M.Sc Student | Rosman Guy |

Department | Department of Computer Science |

Supervisor | Professor Ron Kimmel |

Full Thesis text |

Multidimensional scaling is a family of computational methods that map the coordinates of a set of points given their pairwise distances into a simple low dimensional space.

It is used in various applications, ranging from dimensionality reduction of image manifolds to psychology and statistics.

MDS attempts to flatten the data manifold, while preserving its geometric structure.

Images can be considered as two dimensional manifolds.

For example, the Beltrami framework considers images as surfaces embedded in the 3-color plus 2-spatial coordinates hybrid domain.

The Beltrami flow, resulting from this outlook, is an effective filter in color image processing.

This flow gradually flattens the image manifold while maintaining its visual meaning.

It is closely related to the median, total variation, and bilateral filters.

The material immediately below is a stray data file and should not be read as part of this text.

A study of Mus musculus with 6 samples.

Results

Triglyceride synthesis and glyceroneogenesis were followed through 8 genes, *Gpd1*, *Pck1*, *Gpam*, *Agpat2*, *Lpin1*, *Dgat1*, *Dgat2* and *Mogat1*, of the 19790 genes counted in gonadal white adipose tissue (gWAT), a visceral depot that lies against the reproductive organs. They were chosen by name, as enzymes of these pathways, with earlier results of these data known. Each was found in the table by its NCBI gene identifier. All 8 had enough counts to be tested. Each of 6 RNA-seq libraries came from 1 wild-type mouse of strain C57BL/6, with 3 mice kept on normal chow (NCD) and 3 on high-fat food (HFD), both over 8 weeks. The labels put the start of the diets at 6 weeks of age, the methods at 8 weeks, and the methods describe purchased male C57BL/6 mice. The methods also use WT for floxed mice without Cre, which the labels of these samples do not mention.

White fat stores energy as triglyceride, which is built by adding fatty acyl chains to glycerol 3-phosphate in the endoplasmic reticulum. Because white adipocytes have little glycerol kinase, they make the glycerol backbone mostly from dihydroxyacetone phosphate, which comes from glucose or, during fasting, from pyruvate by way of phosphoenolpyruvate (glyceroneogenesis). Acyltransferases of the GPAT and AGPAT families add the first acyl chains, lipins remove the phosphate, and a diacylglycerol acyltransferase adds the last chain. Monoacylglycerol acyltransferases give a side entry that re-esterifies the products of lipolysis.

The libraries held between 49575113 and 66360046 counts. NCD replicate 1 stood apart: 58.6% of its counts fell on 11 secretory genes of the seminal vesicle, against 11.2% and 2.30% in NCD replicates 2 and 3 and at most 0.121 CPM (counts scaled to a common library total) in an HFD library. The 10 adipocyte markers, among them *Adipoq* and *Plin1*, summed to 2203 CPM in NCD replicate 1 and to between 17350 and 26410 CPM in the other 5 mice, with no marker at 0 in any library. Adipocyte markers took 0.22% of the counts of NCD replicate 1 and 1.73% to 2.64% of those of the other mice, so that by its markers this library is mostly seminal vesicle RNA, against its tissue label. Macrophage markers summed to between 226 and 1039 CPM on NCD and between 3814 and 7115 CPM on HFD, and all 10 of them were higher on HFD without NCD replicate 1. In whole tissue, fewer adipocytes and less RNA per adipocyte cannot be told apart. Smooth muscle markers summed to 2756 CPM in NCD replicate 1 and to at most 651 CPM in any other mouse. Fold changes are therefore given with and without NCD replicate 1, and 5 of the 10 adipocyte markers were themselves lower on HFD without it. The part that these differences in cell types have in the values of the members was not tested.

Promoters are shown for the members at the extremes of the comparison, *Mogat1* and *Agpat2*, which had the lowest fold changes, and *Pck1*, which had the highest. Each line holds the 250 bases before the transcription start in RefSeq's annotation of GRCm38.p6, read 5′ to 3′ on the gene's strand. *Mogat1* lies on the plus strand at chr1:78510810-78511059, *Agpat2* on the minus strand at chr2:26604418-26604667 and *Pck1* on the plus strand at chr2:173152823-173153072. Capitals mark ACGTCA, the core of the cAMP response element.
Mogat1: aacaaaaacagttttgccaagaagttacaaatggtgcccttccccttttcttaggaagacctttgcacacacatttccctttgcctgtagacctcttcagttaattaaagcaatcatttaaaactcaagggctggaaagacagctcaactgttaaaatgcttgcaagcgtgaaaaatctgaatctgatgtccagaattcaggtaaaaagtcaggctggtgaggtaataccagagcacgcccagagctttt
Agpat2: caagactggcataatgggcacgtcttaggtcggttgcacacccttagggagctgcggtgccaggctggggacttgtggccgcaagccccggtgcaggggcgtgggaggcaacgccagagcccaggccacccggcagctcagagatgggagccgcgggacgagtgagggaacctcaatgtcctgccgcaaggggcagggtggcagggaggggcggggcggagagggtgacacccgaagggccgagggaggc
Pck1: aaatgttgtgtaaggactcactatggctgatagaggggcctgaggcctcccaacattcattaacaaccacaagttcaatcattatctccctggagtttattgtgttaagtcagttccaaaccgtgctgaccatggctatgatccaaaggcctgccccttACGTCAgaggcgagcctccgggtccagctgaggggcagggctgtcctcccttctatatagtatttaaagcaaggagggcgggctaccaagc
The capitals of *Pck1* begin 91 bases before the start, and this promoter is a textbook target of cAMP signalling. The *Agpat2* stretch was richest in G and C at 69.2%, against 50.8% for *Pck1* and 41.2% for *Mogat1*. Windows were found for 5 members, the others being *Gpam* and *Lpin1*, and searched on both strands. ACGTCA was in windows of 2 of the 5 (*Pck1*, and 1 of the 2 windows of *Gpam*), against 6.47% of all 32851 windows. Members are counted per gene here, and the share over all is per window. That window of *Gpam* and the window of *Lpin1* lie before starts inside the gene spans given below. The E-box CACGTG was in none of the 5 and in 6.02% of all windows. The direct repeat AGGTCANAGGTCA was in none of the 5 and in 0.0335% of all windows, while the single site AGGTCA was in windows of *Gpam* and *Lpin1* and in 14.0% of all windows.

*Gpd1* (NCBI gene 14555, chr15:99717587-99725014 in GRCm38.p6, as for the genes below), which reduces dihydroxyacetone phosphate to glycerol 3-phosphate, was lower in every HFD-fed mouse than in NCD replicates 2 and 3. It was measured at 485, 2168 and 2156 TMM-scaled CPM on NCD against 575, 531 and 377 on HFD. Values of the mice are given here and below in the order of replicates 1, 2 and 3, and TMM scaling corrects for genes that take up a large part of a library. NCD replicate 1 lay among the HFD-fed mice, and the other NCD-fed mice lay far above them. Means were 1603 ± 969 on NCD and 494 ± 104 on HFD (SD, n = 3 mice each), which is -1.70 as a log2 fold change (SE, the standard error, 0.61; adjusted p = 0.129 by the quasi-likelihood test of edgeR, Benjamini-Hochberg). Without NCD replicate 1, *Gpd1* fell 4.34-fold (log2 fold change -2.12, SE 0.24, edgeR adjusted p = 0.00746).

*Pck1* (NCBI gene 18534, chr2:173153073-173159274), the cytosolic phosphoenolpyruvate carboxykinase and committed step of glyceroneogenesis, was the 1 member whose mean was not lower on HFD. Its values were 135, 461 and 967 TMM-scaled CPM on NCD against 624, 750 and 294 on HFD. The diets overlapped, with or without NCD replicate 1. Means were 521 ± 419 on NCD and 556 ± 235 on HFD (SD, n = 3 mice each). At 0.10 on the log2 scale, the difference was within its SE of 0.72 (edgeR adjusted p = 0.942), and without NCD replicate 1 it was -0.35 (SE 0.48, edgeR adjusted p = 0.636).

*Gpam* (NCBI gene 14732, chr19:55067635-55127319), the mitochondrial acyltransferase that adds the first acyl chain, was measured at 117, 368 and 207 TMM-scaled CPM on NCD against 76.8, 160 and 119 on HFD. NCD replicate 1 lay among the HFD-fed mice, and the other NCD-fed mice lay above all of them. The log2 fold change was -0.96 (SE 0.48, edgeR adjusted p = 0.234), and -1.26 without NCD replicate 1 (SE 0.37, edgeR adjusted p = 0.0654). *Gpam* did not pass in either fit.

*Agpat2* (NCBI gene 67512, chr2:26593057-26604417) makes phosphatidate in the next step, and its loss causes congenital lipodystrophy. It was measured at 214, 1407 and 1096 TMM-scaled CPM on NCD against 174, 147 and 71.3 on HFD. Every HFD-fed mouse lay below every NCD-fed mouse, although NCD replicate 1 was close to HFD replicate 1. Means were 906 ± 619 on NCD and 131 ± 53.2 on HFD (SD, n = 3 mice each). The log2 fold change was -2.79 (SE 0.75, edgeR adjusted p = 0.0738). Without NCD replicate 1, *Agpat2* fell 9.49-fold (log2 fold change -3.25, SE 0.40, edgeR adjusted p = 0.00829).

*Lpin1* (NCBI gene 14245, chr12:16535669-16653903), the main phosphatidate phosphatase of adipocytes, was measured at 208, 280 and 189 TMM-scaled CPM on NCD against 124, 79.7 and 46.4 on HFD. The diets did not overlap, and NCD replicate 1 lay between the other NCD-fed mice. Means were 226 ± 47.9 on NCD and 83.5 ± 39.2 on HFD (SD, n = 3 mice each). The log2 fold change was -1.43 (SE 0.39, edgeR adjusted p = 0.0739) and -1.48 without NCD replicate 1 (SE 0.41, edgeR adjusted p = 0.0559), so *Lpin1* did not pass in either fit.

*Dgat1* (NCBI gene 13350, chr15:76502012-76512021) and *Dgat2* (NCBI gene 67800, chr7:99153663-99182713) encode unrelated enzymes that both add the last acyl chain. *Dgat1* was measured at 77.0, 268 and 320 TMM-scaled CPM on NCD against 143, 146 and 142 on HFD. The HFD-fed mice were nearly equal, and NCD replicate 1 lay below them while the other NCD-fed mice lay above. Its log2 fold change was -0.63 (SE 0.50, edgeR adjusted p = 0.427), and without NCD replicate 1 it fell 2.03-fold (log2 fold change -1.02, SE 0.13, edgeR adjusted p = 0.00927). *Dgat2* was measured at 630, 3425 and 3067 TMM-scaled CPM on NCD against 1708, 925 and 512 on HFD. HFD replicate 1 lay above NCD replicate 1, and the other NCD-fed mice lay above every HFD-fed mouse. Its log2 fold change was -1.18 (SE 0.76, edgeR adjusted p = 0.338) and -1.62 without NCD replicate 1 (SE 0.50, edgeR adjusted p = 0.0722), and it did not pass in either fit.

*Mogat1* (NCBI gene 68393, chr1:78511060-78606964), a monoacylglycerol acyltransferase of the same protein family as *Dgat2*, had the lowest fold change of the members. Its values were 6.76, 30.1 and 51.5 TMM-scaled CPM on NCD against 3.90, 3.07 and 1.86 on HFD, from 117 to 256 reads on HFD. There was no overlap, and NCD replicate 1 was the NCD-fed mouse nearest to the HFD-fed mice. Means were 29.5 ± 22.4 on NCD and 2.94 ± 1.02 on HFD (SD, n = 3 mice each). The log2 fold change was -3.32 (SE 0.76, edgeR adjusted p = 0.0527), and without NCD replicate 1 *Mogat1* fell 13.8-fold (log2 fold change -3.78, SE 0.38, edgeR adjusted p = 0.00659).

Its computation is, however, costly, which is problematic for some applications.

In the first part we focus on accelerating these flattening processes.

We use vector extrapolation techniques in order to speed up the numerical solution of MDS problems, and in order to efficiently implement the Beltrami filter.

Vector extrapolation methods are often used to accelerate the convergence of fixed-point iterative algorithms.

We first review these techniques, detailing the theory in the case of linear iterative processes, and in the proximity of the fixed point for nonlinear processes.

We then review the MDS problem and the Beltrami framework and present examples of our accelerated solver for these applications.

Next, in the context of manifold learning we introduce a new framework for considering non-local dissimilarities within the flat embedding procedure.

Unlike existing algorithms that use global distances, we use the topology of the manifold in order to avoid distances that could distort the embedding.

The idea is to filter out potentially problematic distances between feature points based on the geodesic connecting the points and its distance to the boundary of the feature manifold.

Since the proposed algorithm matches non-local structures, it is robust to noise.

Using our accelerated MDS solver we show experimental results demonstrating the advantages of the proposed approach over state-of-the-art methods.